In Another Land
Stop me if you’ve heard this one before: a human, a demon, and a Buddha walk into a temple … in an alternate dimension through a drawing as led by a magical priest and his anthropomorphic rabbit-wife. Wait, you’ve not yet seen the humorous, touching, and resplendent fairytale called Kyousougiga? Oh, lovers of stories and animation, come close, read a while, and discover how this anime will earn your attention and adoration.
After leaving the capital city, priest Myoue keeps to himself in a small temple in the mountains. There he makes drawings that can move on their own—a talent that entertains and frightens the children who dare to stop by as egged-on by growing rumor. On one of the walls in his small temple, there’s a city Myoue’s drawn as well as a drawing of a black rabbit. That latter, named Koto, falls in love with him and makes a deal with Buddha Locani to inhabit human form until her love is reciprocated.
Time passes, and the reclusive Myoue comes to adore Koto as well as their adopted and drawn children. But this unnatural family attracts too much attention and disappears into the drawn city (the Looking Glass City) to escape persecution by The Shrine—a religious organization that “acts on behalf of God to maintain balance between the planes.”
The Looking Glass City is an alternate Kyoto, filled with men and monsters, where nothing breaks permanently. Myoue and Koto preside over the peaceful and happy land and give the ultimate yea or nay to any proposed changes. But since no utopia can last for long, unsettling dreams of prophesy make Myoue and Koto leave the city to their children and promise to return. The adopted Yakushimaru; his older sister, a picture-turned-demon, Yase; and another drawing-made-flesh, the studious Kurama, are left in charge of the Looking Glass City as The Counsel of Three.
After many years of waiting for their parents to return, a strange girl, coincidentally named Koto, who has familiar red eyes and wields a magic hammer, smashes her way into the Looking Glass City looking for a black rabbit. To The Counsel of Three, the arrival of this young girl signals hope … hope for an escape to the world where their parents might be or even that the girl herself might be the very reincarnation of their father for whom they’ve been waiting.
As with any great show, multiple rewatches are encouraged; Kyousougiga, which began as an ONA (Original Net Animation) from Izumi Todo (Toei Animation staff), thrives on an essence of eccentric allure due to the directing and compositional talents of director Rie Matsumoto (Blood Blockade Battlefront) as well as color setting by Yuki Akimoto (Gatchaman Crowds, Tatami Galaxi). That is to say that this series is pretty … distractingly pretty.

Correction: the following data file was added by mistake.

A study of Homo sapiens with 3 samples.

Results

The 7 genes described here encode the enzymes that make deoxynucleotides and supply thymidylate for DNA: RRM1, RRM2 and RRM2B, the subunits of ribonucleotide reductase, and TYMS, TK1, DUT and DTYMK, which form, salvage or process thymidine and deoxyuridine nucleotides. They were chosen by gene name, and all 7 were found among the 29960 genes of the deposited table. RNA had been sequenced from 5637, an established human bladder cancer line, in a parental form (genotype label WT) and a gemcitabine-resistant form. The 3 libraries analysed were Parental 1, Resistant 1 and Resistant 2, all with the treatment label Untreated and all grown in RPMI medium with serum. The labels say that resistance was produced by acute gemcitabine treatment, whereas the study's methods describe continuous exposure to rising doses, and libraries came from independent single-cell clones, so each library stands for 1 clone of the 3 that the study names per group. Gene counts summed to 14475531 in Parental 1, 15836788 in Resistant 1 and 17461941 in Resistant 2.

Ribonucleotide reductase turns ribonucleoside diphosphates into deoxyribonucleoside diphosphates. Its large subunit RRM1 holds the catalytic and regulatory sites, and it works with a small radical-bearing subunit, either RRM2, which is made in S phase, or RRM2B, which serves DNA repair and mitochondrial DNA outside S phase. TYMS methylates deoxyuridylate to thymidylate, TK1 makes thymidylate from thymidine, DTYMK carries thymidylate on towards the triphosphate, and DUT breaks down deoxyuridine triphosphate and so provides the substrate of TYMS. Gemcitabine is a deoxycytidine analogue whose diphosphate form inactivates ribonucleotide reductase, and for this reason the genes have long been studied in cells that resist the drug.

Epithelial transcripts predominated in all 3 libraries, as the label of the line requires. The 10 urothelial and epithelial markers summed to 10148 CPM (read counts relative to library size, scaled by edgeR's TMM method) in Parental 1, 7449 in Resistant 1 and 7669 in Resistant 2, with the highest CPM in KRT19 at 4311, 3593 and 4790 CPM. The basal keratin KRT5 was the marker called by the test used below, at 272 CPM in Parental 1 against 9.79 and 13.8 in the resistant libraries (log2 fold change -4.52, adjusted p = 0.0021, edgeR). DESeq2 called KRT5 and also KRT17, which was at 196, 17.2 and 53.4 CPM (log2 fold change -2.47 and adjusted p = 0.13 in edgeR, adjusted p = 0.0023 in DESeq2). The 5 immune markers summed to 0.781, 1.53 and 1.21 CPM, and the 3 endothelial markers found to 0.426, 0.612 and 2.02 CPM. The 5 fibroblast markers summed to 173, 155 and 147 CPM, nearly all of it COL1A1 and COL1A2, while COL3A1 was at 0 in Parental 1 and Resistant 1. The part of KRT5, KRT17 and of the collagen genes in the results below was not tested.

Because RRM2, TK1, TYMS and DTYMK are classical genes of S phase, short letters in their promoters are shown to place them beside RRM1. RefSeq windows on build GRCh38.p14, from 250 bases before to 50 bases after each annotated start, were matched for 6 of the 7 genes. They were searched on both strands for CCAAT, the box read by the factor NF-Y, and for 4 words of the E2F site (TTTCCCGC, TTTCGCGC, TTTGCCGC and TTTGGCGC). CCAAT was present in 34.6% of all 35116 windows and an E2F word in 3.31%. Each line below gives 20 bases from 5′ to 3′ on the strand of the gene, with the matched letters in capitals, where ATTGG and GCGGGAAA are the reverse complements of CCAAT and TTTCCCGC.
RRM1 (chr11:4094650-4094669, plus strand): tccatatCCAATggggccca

There’s so much visually engaging fare in every scene that it can be very hard to keep up with the subtitles for all the engrossing distractions exploding (sometimes literally) everywhere else on the screen. Blending photorealistic, technical, and abstract expression, the distinctive visuals and radiant colors fully and competently relay the energy of the moment within the arena of imagination in which momentums collide. The art, simply put, begs viewers to rethink normal—an absolute necessity when trying to establish another reality—while dropping details that are fun to pick up on in later viewings.
Yet for every bald man floating around in a saké saucer or rivers of garbage winding through the sky or parades of ambiguous, pulsating, hypnotizing shapes floating down main street; despite the materialization of larger-than-life, behind-the-scenes conspiracy theories-turned-flesh; ignoring giant robots with extra-dimensional bellies and the fact that all of this does not begin to scratch the surface of this show’s weirdness… there exists an undeniable humanity so basic, so fundamental, that it speaks volumes. Kyousougiga is first and foremost about family—the one you want, the one you get, and the one that grows, for better and worse, beyond your control.
Myoue’s family includes every possible type of child, and their range of ages and temperaments provides a plethora of possibilities for emotional conflict and reconciliation between themselves and their parents. So even though some of the characters are set as twice-removed from our reality, they come to feel like any other stranger you’ve met and come to know.
Everything does not become familiar quickly or with any conformant normalcy however. Episode 0 begins with the Lewis Carroll’s epilogue to Through the Looking Glass for reasons obvious and obviouser; it’s easy to create anything in a dream world but much more difficult to have those contents coalesce into something meaningful. The series, by bobbing between past and present in both Kyoto and the Looking Glass City, gives you almost everything you need to set your mind at rest … and then pops back or forward to a different scene. While this may sound frustrating, it’s actually quite refreshing to have an anime series that keeps the mind going by begging the questions, “What’s going to happen next?” and “How did we get here?”
Imaginative, beautiful, exciting, and touching, Kyousougiga adopts you into its family to make you feel the pain of it being torn apart as well as the hope for reunion and reconciliation. Even after it’s watched once, subsequent viewings only add to the great impressions. It’s not infinitely re-watchable in the vein of episodic series, but pulling this one off the shelves for a committed run-through will definitely happen more than once. You’ll be surprised how much you missed, how much you remember, and how much it makes you feel.
Kyousougiga is available from Discotek Media.